NBA owners approved the Seattle SuperSonics' move to Oklahoma City for the 2008-09 season Friday, provided the team can settle its lawsuit with the city.
The Sonics could begin playing in owner Clay Bennett's hometown as early as next season if they can get out of the remaining two years of their lease at KeyArena.
Owners voted 28-2 in favor of the move, with Dallas and Portland voting against. Mavericks owner Mark Cuban has previously expressed concerns about the market size, and commissioner David Stern said the Trail Blazers, owned by Seattle software billionaire Paul Allen, didn't say why they voted the way they did.
"The vote further confirms that Oklahoma is in the big leagues and can compete with anyone," Oklahoma Gov. Brad Henry said in a statement.
The Sonics, who have been in Seattle since the start of the 1967-68 season, will be the first NBA team to change cities since the Hornets went from Charlotte to New Orleans for the 2002-03 season. Stern said although owners understand the move from a larger market to a much smaller one, they "focused on the likelihood of success in Oklahoma City."
Seattle has filed suit trying to force the Sonics to remain in the city until the lease expires in 2010, while Bennett wants to buy out the remainder. The city already has rejected Bennett's $26 million to settle the lease dispute. A trial is set to begin in federal court June 16.
At a news conference Friday, Bennett would not say how much he was willing to offer the city but said he wants a reasonable settlement.
"Step one, I am hopeful we can re-establish communication and some sort of platform to have a meaningful, principled conversation," Bennett said. "Certainly, we're nowhere near that today."
It may stay that way.
When asked during a press conference later Friday afternoon in Seattle if he was expecting a new, richer offer from Bennett to buy out the lease, Mayor Greg Nickels said, "I don't really care.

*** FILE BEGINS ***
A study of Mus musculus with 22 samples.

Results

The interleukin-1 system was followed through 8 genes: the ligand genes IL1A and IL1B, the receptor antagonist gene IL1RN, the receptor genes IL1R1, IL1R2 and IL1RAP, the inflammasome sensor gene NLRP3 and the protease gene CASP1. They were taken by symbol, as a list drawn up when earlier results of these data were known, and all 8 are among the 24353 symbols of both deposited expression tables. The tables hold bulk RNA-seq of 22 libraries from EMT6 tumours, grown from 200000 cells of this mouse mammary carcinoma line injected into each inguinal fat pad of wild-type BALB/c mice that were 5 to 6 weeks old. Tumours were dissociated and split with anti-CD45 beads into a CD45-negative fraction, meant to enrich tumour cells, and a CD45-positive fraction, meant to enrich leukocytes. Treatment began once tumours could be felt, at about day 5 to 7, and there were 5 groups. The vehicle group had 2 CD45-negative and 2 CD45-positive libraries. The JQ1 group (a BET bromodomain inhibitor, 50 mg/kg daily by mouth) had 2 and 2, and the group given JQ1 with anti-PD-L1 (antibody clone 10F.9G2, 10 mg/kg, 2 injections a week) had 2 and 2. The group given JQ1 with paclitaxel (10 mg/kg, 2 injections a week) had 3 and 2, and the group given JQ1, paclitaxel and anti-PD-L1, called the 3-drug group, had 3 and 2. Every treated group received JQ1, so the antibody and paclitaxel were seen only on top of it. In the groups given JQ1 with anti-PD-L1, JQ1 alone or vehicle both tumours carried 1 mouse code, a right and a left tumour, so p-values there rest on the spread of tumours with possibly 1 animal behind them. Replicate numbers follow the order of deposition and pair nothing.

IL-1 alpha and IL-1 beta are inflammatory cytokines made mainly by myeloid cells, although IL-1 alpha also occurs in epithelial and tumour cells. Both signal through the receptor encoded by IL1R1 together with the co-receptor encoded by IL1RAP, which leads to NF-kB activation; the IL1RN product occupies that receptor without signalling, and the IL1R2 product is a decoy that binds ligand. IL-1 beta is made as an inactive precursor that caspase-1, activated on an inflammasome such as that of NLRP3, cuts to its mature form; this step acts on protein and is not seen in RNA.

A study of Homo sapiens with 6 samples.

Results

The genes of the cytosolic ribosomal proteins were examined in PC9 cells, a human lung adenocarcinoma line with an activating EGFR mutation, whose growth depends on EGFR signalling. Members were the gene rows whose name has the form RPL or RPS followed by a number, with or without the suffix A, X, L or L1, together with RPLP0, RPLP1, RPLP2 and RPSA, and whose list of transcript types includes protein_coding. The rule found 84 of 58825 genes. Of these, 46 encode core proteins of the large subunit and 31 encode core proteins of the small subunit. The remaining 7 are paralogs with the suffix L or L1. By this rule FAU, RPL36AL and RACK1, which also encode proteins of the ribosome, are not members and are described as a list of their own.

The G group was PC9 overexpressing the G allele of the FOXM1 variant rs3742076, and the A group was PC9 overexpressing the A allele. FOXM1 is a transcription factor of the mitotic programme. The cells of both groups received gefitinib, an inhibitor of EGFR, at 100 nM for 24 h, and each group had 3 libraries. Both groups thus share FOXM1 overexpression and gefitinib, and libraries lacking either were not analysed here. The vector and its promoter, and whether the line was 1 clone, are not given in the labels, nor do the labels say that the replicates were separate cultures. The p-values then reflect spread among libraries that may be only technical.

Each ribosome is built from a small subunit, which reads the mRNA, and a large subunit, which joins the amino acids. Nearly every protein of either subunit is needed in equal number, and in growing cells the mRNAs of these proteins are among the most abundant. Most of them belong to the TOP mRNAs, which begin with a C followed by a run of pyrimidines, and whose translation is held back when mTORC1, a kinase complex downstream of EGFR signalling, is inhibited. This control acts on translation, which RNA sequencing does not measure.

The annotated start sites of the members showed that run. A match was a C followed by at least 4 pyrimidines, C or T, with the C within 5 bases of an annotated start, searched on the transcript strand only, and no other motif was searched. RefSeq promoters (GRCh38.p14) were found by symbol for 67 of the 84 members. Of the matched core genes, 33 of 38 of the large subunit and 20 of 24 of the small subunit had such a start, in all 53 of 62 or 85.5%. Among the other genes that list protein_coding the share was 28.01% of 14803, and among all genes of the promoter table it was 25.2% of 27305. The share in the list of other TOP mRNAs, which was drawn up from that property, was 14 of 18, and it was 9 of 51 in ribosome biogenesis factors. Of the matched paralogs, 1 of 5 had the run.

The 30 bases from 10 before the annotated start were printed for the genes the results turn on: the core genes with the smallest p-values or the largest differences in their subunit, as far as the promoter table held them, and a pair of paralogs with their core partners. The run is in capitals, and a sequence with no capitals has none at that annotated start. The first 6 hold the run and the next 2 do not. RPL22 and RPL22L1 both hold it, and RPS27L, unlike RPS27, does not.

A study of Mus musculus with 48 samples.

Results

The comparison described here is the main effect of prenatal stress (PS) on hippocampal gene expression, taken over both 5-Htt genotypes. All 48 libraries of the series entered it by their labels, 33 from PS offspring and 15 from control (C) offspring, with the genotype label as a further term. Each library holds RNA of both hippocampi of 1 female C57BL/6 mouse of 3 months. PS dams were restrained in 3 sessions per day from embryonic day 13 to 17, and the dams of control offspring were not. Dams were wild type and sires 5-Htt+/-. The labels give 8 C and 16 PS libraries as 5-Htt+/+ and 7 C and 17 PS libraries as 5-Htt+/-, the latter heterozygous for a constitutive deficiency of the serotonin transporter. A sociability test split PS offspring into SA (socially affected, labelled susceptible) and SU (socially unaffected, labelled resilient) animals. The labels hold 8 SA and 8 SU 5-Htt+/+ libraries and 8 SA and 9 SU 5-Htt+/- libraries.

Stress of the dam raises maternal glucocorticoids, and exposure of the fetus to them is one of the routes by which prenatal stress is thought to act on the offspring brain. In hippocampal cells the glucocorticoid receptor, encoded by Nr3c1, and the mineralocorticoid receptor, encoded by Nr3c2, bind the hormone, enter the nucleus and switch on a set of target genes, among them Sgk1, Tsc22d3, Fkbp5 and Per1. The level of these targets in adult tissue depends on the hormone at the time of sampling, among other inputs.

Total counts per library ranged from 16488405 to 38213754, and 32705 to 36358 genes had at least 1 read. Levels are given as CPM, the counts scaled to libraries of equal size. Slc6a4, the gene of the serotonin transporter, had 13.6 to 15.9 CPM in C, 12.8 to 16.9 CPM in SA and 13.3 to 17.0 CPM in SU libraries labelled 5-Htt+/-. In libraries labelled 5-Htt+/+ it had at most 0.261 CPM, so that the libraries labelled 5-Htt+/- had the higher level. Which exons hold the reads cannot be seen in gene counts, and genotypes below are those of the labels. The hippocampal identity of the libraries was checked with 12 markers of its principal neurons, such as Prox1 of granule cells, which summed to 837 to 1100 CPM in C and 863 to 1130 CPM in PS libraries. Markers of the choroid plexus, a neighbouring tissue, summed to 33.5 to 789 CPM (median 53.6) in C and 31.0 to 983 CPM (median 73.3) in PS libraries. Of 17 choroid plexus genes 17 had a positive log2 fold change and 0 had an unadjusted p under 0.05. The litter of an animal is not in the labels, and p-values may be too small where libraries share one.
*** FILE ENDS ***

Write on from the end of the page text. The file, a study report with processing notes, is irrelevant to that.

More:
"We're going to go into court in June," Nickels said. "We are going to protect the interests of the people of Seattle."
Stern, who encouraged Bennett to make the offer to the city in February, said the league is prepared to play out the remaining two seasons in Seattle. However, he cautioned that would mean a possible loss of $30 million a year for a team playing in front of reduced attendance.
The city's hope is to keep the Sonics in town for what would appear to be two lame duck seasons, to buy time for a group led by Microsoft CEO Steve Ballmer to find an arena solution and eventually purchase the team from Bennett to keep them in town.
Ballmer's group already has proposed paying for half of a $300 million expansion of KeyArena, with the other half coming from the city and from county tax revenues.
"We know the longer they are in the Seattle, the better the chance they will stay," Nickels said Thursday of the Sonics.
"I think if we had a group the caliber of one led by Steve Ballmer and we had an arena pot with $300 million available in it, the NBA would have a hard time abandoning a city that's always had pro basketball — at least for the last 41 years," he said. "I think the Ballmer group stepping forward was a game-changer for us."
Stern dismissed that idea, saying there was no viable KeyArena plan available. He also wouldn't speculate on a possible return to Seattle in the future if the league expanded or if another team moved.
Bennett is also facing a class-action lawsuit brought by season-ticket holders who say they were duped into buying tickets under the premise the Sonics wouldn't leave.
And this week former team owner Howard Schultz announced plans to sue to get the team back, saying Bennett did not make a good-faith effort to secure a new arena deal as he promised when he bought the team in 2006.
That idea came from e-mails between Bennett and his ownership partners released recently as part of the city's lawsuit, which appeared to show they planned to move the team to their hometown all along. Stern said owners didn't buy that, saying that none "questioned the good faith of Clay Bennett."
Henry said the Sonics will provide an economic boost to Oklahoma by "elevating our national profile and enhancing the quality of life here."
"When we work to attract and retain high-paying jobs and top industries, the NBA label is one more thing we can point to as we market our state to the rest of world. Make no mistake, this is a big, big win for Oklahoma."
Not so for Washington state.
"This is a sad day for basketball fans across Washington state," Gov. Chris Gregoire said. "The Sonics have a proud, storied 41-year history in Seattle. As a sports fan, I am very disappointed with today's action by the National Basketball Association owners."